Shape Up Or Ship Out

Fighting neighborhood crime is just the tip of the iceberg for Capitol Hill's Unsinkables.

Minutes later, her wish comes true. She and Goss spot two men walking along Pearl, and one of them is drinking a beer. But since he apologizes and hands Goss his can of Coors Light, she lets him go with just a warning.

A half hour passes with little activity, and then, as the group approaches a parking lot near the Office Depot on Colfax, a man jumps out of the back seat of a car, hops in the driver's seat and speeds away. The top of a woman's head can be seen as he takes off. "Looks like they just finished doing...something," Goss says, shaking her head. She's disappointed that she didn't catch the john.

After walking along Colfax for 35 minutes without incident, the group turns down Washington, where they find a homeless man passed out behind a fence. Goss and Calcamuggio rouse him and call Denver CARES. He manages to stand up, and despite their instructions for him to remain seated, walks toward them and almost falls right into Calcamuggio. After they get him to sit back down and receive word that the CARES van is on its way, the Unsinkables move on.

The Unsinkables before their first crime-fighting walk of the year.
Anthony Camera
The Unsinkables before their first crime-fighting walk of the year.

By 11:55 p.m., the group is down to Goss and three neighbors: Anderson, Nachtigal and Mary Stollenwerk, who joined them late in the evening. Once again, they find themselves in front of Bonanza Liquors. A young man is standing against the building with his hands in his pockets, looking around nervously. Just as another man is about to enter the store, the young man approaches him and tells him he forgot his ID; he asks the man to buy him a beer. Glancing sideways at Goss, the older customer chooses his words carefully. "I'm sorry, but without seeing your driver's license, I can't buy you any beer."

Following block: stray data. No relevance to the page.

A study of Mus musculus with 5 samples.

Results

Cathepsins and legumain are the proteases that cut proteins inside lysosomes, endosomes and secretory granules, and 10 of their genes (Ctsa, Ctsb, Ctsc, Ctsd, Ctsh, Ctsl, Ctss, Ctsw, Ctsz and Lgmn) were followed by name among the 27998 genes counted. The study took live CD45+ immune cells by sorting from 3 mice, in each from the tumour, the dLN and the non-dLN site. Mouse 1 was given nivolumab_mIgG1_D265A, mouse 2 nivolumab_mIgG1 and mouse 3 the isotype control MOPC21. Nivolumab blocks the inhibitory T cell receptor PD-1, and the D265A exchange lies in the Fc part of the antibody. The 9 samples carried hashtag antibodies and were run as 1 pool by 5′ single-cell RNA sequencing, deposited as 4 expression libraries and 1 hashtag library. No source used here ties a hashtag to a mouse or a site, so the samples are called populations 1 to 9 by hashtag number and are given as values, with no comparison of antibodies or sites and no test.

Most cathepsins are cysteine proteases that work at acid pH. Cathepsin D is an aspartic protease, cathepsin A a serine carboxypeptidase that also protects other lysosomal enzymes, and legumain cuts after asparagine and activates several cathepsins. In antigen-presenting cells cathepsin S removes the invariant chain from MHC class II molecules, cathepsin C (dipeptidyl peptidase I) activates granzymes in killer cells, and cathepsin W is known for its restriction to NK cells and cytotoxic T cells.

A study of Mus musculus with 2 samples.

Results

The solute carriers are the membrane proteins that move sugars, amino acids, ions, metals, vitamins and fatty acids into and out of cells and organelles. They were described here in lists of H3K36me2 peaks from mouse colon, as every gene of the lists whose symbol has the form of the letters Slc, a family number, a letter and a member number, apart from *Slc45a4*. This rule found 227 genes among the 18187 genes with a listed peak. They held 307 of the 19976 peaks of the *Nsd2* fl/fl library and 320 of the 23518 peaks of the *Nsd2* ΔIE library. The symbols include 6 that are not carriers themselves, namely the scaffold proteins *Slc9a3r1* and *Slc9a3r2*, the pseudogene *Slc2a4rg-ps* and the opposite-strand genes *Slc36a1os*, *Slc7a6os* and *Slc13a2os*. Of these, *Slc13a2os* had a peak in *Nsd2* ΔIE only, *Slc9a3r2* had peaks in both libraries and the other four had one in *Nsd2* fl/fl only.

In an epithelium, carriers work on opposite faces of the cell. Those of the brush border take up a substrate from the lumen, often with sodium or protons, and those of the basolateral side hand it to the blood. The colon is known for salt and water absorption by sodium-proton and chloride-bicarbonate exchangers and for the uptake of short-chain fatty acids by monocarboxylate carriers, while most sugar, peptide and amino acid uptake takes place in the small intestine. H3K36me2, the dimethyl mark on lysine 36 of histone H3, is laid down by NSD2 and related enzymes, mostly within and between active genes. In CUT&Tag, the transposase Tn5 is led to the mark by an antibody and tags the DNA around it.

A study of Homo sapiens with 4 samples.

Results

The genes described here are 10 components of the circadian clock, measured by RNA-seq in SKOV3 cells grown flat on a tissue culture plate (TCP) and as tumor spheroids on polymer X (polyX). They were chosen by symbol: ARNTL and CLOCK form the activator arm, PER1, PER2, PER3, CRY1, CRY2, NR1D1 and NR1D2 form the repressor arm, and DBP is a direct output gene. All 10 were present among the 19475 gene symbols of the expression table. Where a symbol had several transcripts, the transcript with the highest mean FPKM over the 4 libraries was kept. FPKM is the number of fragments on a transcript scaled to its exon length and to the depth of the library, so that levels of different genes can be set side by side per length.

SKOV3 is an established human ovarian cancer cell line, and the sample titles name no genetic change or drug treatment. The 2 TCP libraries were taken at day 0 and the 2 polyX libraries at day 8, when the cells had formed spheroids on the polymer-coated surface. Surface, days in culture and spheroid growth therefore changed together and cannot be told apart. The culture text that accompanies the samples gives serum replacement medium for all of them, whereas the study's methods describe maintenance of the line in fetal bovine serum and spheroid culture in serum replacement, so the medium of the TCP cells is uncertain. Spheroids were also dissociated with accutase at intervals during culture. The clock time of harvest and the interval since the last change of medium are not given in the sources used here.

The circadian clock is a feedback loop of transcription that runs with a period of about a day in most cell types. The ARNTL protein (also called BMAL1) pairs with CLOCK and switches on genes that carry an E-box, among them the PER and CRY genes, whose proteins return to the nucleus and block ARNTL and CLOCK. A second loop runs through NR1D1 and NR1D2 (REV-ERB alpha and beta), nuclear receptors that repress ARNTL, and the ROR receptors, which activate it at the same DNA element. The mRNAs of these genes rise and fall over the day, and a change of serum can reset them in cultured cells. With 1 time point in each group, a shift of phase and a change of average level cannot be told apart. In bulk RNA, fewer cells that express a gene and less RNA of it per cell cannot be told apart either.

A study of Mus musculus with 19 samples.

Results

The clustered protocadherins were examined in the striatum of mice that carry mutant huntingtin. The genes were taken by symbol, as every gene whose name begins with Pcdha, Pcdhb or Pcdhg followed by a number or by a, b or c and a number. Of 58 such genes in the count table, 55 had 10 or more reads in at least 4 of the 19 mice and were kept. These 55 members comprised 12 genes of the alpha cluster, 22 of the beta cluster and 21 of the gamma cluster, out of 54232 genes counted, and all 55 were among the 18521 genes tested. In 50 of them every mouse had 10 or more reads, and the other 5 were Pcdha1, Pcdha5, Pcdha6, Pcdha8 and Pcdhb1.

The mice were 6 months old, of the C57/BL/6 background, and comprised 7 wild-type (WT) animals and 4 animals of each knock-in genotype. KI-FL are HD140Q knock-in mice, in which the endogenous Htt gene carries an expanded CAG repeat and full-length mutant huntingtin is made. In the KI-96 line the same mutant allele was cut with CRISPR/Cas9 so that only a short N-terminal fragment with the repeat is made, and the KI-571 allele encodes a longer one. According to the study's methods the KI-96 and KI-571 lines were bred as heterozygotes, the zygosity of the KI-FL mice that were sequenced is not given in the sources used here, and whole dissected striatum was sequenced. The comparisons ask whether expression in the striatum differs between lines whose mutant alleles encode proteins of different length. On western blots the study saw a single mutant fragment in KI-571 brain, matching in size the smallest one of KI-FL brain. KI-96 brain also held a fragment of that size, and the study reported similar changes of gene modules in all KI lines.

Goss, who shakes her head in disbelief during the exchange, turns to face the young man and asks him what he's thinking. "Didn't you see me standing here?"

The young man says he's sorry and leaves. Quickly. For the next couple of minutes, the neighbors stand at the corner. They seem a bit restless, as if they can't decide what to do next. They watch the people walking up and down 13th. There are college-aged kids heading toward the Snake Pit, a midget waiting to cross the street, a man walking his dog, all of them minding their own business.

The Unsinkables marvel at how quiet the night has been. Nachtigal yawns. Anderson says she's tired. Her companions are, too, so they decide to call it quits. Right at midnight they say goodbye and walk off in separate directions, hoping for better luck next time.